The $24m (€20m) acquisition of Aptuit’s sterile injectable drug product formulation and clinical stage manufacturing in Glasgow, UK, has already closed while a $36m agreement to buy Aptuit’s solid-state and analytical chemistry services site in West Lafayette, Indiana is expected to close within 30 days.
The acquisition of Aptuit’s assets will “significantly expand” AMRI’s drug product development and aseptic manufacturing services and increase its customer base both in North America and Europe, where the CDMO has until now had little exposure, the firm said in a conference call Friday.
“A large proportion of [the Glasgow site’s] customers are from mainland Europe which is a whole new area for us that we haven’t had much exposure to,” CEO William Marth told stakeholders, “and we are able to bring our services to these customers.”
“We are well established with fill/finish and parenteral capabilities in North America but we want to extend our reach into mainland Europe as well.”
The 30,000 sq ft site in Glasgow boasts sterile clinical manufacturing capabilities, including a dedicated cytotoxic manufacturing suite, on top of pre-formulation, formulation and process development capacity.
Milton Boyer, VP of Parenterals, added the acquisition broadened the range of services that could be offered to existing customers in a similar way that the $110m acquisition last June of his former company Oso Biopharmaceuticals saw AMRI customers benefit from the new commercial-scale fill/finish site in Alberquerque, New Mexico, and Oso customers benefit from AMRI’s core services.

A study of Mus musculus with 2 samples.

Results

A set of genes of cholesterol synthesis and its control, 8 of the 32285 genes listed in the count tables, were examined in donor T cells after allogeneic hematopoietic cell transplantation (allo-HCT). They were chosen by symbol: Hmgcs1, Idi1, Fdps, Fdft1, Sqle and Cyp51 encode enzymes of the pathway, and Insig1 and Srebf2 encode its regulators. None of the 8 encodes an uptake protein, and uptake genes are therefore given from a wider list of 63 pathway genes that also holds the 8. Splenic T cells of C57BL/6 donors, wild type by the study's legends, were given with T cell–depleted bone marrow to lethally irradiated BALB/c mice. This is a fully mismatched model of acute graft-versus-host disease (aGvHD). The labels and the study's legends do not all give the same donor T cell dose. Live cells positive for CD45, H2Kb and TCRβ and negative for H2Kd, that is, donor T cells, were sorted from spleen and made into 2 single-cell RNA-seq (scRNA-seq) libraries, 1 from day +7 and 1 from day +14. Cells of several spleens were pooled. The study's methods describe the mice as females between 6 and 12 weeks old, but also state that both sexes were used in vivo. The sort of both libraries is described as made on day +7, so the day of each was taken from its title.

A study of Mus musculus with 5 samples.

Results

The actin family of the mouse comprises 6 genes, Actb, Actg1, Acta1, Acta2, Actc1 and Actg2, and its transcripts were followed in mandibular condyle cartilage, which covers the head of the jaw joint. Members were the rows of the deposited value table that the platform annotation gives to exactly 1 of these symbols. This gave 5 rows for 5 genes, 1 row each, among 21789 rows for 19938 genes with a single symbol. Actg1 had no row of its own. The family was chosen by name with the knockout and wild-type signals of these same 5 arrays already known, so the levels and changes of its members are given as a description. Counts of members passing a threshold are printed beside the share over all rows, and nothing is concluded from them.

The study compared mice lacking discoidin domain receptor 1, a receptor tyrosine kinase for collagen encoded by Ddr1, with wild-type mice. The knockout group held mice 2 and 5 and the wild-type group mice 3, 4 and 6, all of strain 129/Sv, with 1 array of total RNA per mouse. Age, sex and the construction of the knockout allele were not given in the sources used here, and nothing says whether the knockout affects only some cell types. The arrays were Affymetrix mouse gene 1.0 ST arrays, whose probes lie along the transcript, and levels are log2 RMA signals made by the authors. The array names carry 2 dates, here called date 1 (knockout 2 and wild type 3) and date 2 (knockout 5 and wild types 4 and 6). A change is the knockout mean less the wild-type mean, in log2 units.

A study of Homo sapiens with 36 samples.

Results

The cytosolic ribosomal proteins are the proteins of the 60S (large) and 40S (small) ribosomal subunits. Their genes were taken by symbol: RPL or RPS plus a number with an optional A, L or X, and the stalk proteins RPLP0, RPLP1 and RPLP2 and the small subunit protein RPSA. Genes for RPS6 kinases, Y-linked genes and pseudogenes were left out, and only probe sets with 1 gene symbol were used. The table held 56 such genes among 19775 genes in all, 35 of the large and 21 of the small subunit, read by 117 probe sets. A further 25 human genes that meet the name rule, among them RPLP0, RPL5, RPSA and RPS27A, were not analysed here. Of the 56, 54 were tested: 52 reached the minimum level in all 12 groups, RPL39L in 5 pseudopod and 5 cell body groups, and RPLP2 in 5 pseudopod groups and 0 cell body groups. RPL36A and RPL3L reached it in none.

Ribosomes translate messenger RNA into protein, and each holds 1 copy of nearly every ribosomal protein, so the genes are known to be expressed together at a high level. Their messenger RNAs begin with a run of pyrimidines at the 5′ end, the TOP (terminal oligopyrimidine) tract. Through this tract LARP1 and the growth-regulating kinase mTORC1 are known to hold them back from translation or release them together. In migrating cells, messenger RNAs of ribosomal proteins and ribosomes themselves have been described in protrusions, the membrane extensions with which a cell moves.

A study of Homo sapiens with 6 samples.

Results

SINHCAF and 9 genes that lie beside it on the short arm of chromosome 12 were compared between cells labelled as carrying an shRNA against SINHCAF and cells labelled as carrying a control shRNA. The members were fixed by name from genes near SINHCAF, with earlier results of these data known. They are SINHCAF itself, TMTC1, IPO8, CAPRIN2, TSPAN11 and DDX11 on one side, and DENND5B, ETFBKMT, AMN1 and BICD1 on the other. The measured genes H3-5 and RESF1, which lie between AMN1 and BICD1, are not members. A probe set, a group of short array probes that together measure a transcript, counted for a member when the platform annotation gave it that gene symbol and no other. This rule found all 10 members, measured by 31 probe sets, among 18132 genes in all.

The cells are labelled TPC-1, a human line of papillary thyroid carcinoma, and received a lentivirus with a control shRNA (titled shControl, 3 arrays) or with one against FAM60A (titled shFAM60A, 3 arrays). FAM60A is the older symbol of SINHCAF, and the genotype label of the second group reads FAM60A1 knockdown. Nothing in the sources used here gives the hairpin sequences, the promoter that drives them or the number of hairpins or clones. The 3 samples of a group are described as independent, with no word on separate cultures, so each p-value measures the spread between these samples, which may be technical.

“What we saw with the acquisition of [Oso’s] Alberquerque site it automatically brought clients into Burlington [AMRI’s Massachusetts manufacturing site] and having Burlington brought clients into Alberquerque.
“We believe the same will happen now we have Glasgow and have additional capabilities specifically in the area of lyophilisation cycle development that will bring more customers to both sites.”
The West Lafayette site offers API and formulation development services and boasts 250 pharma and CMO customers.
Expanded service capabilities will boost AMRI’s competitive advantage, Boyer said, but Marth said another major advantage spoken about on the call was the firm’s regulatory standing in the sterile manufacturing environment which has been hit hard by GMP violations.
“For sterile injectables, the competitive landscape here in the United States has been somewhat limited, and even impacts Europe, but basically we have seen there are challenges finding suppliers due to all the regulatory actions that are out there.”
Years of regulatory issues led to recalls and shortages at one of the largest sterile injectable CMOs, Ben Venue Laboratories, which was shut down permanently at the end of 2013 by parent company Boehringer Ingelheim after failed remediation attempts.
However, AMRI itself has suffered from operational issues, having to resolve issues its newly acquired Alberquerque plant late last year following a deviation in a sterile manufacturing suite. Furthermore, the Burlington site was under an FDA warning letter from 2010 until November 2013, due to a number of aseptic cGMP violations.